Born to simple farmers on 25th May, 1887 was one Francesco Forgione, destined to become one of the 20th century’s most remarkable Capuchins. As a boy he showed a leaning towards quiet and solitude, though he was far from anti social. His family worked very hard to give him an education and on 22nd of January 1903, Francesco was invested with the habit, taking the name of Pio of Pietrelcina. He was Solemnly professed in 1907 and ordained to the priesthood on the 10th August 1910. For health reasons he had done his studies in Pietrelcina where he remained until 1916. Discharged from the army that same year due to bad health, he was made Director of Studies at the seminary in San Giovanni Rotondo where he was to spend the rest of his life.
His life of intense suffering began on 5th August 1918 when during confessions a figure appeared before him and mystically pierced his heart with a lance. On 20th September this same Figure reappeared bearing the marks of the Crucified. Padre Pio experienced excruciating pain and his screams brought the friars running to his side. They found him unconscious and bleeding profusely. He had received the Stigmata.
Pope Benedict XV said “Padre Pio is one of those extraordinary men whom God sends on earth from time to time, to convert mankind”. Yet Pope Pius XI was to oppose the cult that grew up around the stigmatist and restricted him in his active ministry. Remaining always a loyal son of the Church this suspension caused Padre Pio extra suffering.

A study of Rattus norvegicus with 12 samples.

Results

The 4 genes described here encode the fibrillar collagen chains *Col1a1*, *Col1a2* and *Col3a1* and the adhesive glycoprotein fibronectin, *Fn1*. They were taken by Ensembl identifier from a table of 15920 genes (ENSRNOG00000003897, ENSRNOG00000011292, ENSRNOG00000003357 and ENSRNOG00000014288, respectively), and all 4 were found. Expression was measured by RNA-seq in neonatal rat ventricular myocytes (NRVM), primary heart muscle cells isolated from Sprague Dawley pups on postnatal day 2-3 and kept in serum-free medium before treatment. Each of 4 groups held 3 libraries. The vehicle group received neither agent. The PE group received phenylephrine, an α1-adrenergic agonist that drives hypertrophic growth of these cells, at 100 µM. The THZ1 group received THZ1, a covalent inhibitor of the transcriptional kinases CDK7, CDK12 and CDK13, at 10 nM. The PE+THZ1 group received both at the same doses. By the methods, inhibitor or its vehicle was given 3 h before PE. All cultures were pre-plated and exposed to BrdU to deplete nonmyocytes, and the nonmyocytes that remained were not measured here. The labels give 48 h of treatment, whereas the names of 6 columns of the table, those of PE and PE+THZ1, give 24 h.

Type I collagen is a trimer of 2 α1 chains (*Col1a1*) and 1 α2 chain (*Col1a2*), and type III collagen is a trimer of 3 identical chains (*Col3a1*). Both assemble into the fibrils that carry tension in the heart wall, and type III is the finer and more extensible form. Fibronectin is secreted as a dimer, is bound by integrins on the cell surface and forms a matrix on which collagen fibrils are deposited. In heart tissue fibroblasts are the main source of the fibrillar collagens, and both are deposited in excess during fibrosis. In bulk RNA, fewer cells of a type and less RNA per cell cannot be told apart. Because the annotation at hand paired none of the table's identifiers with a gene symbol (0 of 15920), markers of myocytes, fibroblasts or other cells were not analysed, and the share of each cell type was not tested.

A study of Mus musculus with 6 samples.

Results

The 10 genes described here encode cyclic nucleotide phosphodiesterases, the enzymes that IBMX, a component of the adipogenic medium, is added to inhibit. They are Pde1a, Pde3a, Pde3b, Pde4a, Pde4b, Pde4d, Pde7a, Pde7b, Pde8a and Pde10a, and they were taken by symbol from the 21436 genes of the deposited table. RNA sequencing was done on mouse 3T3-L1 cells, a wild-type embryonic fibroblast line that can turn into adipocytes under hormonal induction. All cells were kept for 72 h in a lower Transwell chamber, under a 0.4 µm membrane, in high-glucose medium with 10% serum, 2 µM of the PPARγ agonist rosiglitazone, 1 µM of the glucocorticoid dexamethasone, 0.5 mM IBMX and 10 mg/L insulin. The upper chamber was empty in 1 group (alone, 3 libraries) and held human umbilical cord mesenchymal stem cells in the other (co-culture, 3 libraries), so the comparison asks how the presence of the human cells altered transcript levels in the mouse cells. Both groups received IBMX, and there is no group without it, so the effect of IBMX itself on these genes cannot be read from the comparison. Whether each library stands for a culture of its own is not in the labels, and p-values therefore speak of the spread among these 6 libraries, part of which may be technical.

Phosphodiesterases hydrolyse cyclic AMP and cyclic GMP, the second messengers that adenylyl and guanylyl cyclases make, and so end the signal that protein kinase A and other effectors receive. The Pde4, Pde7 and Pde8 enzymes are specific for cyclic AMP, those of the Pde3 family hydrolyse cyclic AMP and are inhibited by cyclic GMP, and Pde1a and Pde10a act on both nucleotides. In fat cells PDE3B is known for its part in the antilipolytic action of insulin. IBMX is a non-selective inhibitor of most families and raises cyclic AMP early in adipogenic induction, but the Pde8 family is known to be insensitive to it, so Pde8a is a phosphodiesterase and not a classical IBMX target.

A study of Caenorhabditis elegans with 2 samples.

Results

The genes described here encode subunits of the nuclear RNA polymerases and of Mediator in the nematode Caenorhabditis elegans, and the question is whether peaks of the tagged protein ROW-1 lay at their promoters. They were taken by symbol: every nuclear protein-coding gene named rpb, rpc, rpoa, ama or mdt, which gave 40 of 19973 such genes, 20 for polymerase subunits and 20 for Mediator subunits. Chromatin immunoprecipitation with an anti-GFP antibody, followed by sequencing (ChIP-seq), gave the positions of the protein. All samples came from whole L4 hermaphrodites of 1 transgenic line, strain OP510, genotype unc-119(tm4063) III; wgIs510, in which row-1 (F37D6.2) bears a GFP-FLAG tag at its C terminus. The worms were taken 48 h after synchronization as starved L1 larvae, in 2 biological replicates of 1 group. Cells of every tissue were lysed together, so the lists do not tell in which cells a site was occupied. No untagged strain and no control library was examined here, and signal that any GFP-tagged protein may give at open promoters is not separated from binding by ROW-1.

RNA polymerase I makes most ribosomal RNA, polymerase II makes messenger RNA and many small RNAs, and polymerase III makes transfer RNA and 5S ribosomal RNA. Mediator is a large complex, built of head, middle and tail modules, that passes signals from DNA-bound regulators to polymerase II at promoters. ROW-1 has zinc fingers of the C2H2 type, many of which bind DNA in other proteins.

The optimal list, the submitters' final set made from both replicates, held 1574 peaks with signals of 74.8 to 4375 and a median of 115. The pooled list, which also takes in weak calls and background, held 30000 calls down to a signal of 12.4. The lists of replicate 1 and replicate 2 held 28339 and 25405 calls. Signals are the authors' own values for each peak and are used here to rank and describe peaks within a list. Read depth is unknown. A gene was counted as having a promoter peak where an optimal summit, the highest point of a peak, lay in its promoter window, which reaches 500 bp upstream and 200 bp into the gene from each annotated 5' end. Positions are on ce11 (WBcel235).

In July 1933 he was reinstated to full ministry, yet was still prevented from preaching or corresponding with ‘Externs’. Despite this, he was able to celebrate Mass in public and hear Confessions, transforming San Giovanni Rotondo into a world famous pilgrim centre. To some he was a miracle worker or a curiosity, but to the Masses, Padre Pio was the man who could help them find the living God. He not only gave the penitents absolution, but would spend long hours kneeling before the Blessed Sacrament, praying for all sinners and assisting them with their reparation.
His personal humility and poverty can be seen in this excerpt from a conversation he had in 1940 “Rising above selfishness, we must bow down to the wounds and the sufferings of our fellow men. In every sick men it is Jesus himself who is languishing, in every poor man it is Jesus himself who is suffering, in every man who is both sick and poor Jesus is doubly visible”. In 1956 his cherished dream was realised with the opening of the ‘House for the Relief of Suffering’.
Padre Pio died on 23rd September 1968.
Padre Pio of Pietrelcina: a brief biography by Fr Francesco Napolitano is available here.